Morningstar Star Ratings, Still Less Useful Than Expense Ratios


Investors everywhere think a 5-star rating from Morningstar means a mutual fund will be a top performer—it doesn’t.

Morningstar ratings mainly reflect past performance. However, something called “mean reversion” usually happens. If a fund has done well recently, it will have a high rating. But it usually doesn’t stick. The WSJ has a good visual:


This quote is spot on: “Morningstar’s star ratings for funds are clearly used in the industry to imply that funds that performed well in the past will do so in the future.” Check out the fund flows into the Permanent Portfolio Fund when they were 5-star. Just a couple years later, chheck out the fund flows out when they drop to 1-star.


Morningstar responded with Setting the Record Straight on Our Fund Ratings, which in my opinion just repeated the top graphic above. People think the left part will hold. Reality is the right part.

The Journal’s analysis found that most five-star funds perform somewhat better than lower-rated ones, yet on the average, five-star funds eventually turn into merely ordinary performers.

More importantly, something was conspicuously missing from this rebuttal…

Expense ratios are a more dependable predictor of performance. Source: Morningstar. Back in 2010, Russell Kinnell of M* had what the NY Times called “an act of radical and admirable transparency” in his article How Expense Ratios and Star Ratings Predict Success. Here’s my 2010 post about it.

If there’s anything in the whole world of mutual funds that you can take to the bank, it’s that expense ratios help you make a better decision. In every single time period and data point tested, low-cost funds beat high-cost funds. […] Investors should make expense ratios a primary test in fund selection. They are still the most dependable predictor of performance.

Smart investors know about this article. Morningstar executives choose not to mention it. Why would they? They charge fund companies $10,000 a pop to brag about their 5-star ratings in ads.

This is where my pragmatic side kicks in. I like Morningstar overall. I’m glad they exist. You just have to pick what you consume carefully.

  • Morningstar creates a lot of high-quality, free stuff for DIY investors. They have great free data, some nice tools, and many helpful articles from knowledgable authors. I link to them regularly. I talk about star ratings never.
  • People love star ratings systems. There’s a reason why you see stars on every Amazon product page. Most people don’t want to filter out everything themselves. They want the feeling that some fancy algorithm has hand-picked the best funds for them. They want easy.
  • Financial advisors love star ratings systems. If the financial advisor makes a pick and it goes bad, then whose fault is it? Not mine, I followed the rating system and followed the experts! Financial advisors are incentivized to stay close to the pack, as if they stick out in the wrong way, they will get fired. This is known as minimizing career risk.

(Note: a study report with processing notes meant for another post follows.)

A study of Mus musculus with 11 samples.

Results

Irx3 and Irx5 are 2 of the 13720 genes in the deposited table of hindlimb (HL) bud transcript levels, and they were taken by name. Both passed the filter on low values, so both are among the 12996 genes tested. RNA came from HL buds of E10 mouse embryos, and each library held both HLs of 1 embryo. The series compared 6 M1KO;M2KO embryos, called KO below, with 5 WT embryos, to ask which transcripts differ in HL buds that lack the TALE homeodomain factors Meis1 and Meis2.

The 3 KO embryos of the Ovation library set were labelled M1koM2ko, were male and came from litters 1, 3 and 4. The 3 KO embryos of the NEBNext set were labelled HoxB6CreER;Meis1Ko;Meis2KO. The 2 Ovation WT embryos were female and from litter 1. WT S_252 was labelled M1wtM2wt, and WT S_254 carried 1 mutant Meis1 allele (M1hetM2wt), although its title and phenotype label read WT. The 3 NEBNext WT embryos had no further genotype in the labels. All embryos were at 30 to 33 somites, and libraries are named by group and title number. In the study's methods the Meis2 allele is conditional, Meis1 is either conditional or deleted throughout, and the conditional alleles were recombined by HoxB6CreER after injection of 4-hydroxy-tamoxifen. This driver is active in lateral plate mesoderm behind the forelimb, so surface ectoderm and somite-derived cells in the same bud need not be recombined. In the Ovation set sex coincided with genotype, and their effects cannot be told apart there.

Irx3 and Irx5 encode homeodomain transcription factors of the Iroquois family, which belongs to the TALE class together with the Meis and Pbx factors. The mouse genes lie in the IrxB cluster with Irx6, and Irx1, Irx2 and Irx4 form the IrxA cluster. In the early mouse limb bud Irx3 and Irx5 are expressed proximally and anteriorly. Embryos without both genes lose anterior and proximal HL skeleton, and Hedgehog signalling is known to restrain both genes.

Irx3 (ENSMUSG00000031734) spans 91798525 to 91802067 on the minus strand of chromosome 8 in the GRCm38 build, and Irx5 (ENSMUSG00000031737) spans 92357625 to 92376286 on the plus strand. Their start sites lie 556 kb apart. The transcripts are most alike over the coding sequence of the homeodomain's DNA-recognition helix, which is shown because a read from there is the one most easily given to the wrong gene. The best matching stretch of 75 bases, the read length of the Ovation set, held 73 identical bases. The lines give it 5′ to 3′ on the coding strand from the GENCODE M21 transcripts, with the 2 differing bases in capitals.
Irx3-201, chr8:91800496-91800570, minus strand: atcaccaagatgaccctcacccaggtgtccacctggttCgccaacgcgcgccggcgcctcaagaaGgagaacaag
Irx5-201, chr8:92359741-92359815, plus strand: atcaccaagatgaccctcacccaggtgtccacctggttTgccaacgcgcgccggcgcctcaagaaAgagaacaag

• This is not a perfect analogy, but Morningstar is kind of like Whole Foods. You could make some great food at decent prices using their raw ingredients and 365 product line. But 1/3rd of the store is prepared foods, and the most popular are stuff like pizza, sushi, mac & cheese, chicken nuggets, and chicken wings. Why do they sell these things? It is what the customer wants, and they are a for-profit corporation.

10 years from now, I predict that the system will be exactly the same. Morningstar wants to keep it, most clients want to keep it, and the financial advisors want to keep it. Morningstar stock plunged when the WSJ story broke, but recently bounced back up. I suspect people came to the same conclusion as I did.

Bottom line. The WSJ article reminds us of an important lesson. Morningstar “5-star ratings” are simply markers of past performance. Reversion to the mean usually happens. Consider long-term past performance as one factor amongst many, but don’t chase 5-star funds. Expense ratios are a better predictor of future returns than M* star ratings. If anything, simply avoid 1-star funds.

My Money Blog has partnered with CardRatings and Credit-Land for selected credit cards, and may receive a commission from card issuers. All opinions expressed are the author’s alone, and has not been provided nor approved by any of the companies mentioned. is also a member of the Amazon Associate Program, and if you click through to Amazon and make a purchase, I may earn a small commission. Thank you for your support.


  2. It used to be much, much worse. They now at least give out star ratings in each asset class. Previously, if large caps had a good run and small caps underperformed, they would give large-cap funds all 5 stars while small caps may have all been 2 stars. Now at least they compare large-cap strategies relative to other large-cap strategies and a fund that’s down, but has outperformed its peers, can still get a good rating.